Report based on volunteerism survey data ranks Utah as number one state in nation
A report recently released by the Corporation for National and Community Service ranks Utah as the number one volunteer state in the nation for the fourth year in a row.
The research report is based on annual surveys of approximately 100,000 individuals collected by the United States Census and U.S. Bureau of Labor Statistics in partnership with the corporation.
A related federal government website contains nine years of data on volunteering, rankings, trends and demographic information for all states along with almost 200 large and mid-sized cities.
The nationwide survey is produced to help federal, state and local leaders better understand the trends and demographics and apply the data to develop effective strategies for recruiting as well as retaining volunteers, according to the statistic compiling agencies and the corporation.Â
"While I am not surprised at the results of the latest volunteerism survey, I have to say that I'm very proud to see Utah ranked at the top of the list once again," indicated Sen. Orrin Hatch.Â
"As I've said before, volunteerism is encoded into America's cultural DNA, and nowhere is that more true than in the great state of Utah. People from our state have, time and again, demonstrated their willingness to put their skills and experience to good use in improving our neighborhoods and communities.Â I am continually in awe of those from our state who selflessly volunteer their time and talents to assist those in need," continued the senator.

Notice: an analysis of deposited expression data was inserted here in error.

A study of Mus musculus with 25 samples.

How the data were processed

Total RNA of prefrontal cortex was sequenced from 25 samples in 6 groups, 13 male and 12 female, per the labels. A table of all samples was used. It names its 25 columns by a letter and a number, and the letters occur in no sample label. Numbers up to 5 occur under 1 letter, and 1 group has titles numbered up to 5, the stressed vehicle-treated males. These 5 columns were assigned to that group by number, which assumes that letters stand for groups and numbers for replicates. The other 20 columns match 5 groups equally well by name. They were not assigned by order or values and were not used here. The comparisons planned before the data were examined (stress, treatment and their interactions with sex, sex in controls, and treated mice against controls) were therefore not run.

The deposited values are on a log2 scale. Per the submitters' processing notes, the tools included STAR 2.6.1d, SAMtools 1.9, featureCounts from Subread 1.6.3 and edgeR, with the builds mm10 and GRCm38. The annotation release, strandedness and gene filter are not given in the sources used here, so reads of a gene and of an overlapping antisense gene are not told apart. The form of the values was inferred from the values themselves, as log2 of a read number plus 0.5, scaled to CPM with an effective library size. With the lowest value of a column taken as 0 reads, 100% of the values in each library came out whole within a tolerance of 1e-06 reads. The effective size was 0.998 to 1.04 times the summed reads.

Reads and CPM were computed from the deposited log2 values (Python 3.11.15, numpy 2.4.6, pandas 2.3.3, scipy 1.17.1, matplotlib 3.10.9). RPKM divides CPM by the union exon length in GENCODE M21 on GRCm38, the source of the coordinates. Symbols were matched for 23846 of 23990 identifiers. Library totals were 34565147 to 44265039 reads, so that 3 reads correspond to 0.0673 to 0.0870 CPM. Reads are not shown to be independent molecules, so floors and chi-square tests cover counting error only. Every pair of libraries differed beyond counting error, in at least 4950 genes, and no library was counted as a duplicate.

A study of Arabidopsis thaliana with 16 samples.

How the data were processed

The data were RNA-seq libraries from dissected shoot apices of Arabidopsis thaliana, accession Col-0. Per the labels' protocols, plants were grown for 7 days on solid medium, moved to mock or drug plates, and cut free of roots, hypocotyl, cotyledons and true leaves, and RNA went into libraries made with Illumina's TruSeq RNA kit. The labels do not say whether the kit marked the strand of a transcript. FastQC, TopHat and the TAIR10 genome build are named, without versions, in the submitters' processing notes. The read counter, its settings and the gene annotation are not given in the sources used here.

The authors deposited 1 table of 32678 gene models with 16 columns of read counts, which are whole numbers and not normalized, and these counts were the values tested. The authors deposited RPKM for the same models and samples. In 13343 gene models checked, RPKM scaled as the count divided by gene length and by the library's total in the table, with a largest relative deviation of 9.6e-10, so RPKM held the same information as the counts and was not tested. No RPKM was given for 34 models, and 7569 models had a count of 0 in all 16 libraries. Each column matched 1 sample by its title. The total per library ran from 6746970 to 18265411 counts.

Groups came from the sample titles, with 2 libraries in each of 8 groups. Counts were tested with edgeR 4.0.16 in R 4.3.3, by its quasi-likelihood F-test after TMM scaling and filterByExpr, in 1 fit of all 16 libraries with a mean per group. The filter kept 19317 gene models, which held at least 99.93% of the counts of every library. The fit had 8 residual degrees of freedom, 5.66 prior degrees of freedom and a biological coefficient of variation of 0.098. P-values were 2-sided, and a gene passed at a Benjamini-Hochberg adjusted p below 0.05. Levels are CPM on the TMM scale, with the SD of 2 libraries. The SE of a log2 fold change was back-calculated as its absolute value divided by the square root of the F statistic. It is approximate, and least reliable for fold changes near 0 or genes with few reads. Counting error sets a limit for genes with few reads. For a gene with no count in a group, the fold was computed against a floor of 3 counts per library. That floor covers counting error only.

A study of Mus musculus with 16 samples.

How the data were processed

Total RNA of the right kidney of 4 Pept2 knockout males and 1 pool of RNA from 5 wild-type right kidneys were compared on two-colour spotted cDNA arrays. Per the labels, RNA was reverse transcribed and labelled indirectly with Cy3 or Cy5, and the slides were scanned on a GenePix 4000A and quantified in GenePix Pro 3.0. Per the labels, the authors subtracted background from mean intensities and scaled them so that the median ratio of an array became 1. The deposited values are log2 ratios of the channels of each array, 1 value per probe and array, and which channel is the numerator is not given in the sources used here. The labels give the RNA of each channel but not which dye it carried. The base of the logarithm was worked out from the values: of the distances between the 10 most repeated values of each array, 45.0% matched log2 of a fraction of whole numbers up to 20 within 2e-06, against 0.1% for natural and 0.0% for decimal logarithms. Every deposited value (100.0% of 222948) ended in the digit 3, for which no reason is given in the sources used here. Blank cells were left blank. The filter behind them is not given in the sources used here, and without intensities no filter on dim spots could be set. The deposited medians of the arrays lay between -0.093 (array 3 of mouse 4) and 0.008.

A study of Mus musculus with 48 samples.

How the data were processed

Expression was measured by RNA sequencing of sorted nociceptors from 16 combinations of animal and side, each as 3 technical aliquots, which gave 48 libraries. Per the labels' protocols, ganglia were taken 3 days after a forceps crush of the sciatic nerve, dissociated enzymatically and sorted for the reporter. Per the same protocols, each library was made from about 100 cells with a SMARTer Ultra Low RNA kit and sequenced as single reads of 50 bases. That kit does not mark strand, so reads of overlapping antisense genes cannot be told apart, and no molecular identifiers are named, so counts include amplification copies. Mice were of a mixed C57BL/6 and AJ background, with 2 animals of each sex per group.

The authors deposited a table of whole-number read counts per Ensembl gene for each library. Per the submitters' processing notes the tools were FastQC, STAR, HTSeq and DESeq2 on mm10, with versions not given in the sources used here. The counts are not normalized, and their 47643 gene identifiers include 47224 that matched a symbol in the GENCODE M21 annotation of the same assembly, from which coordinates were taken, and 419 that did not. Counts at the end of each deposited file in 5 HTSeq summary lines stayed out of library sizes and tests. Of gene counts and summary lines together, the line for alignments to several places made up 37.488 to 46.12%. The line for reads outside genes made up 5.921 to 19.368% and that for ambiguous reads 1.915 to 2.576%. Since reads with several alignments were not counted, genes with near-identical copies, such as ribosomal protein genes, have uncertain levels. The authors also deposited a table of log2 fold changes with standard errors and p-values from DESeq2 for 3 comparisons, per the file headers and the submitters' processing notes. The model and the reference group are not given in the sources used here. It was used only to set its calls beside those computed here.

Detailed findings from the latest report include:
â¢For the fourth year in a row, Utah posted a volunteer rate of 43.5 percent.
Nebraska ranked second in the nation at 38.9 percent.
Minnesota followed at 38.4 percent, Alaska at 38 percent and Iowa at 37.1 percent.
â¢In the mid-sized city category of the survey, Provo led the nation with a 62.9 percent rate.
â¢Minneapolis-St. Paul, Minn., ranked number one among large cities at 38.4 percent.Â
"The number one ranking confirms what we already knew at the Utah Commission on Volunteers: Utahns are committed to their communities and passionate about helping those in need. We are thrilled with the news and strive toward continuingÂ this legacy," noted director Shar Lewis.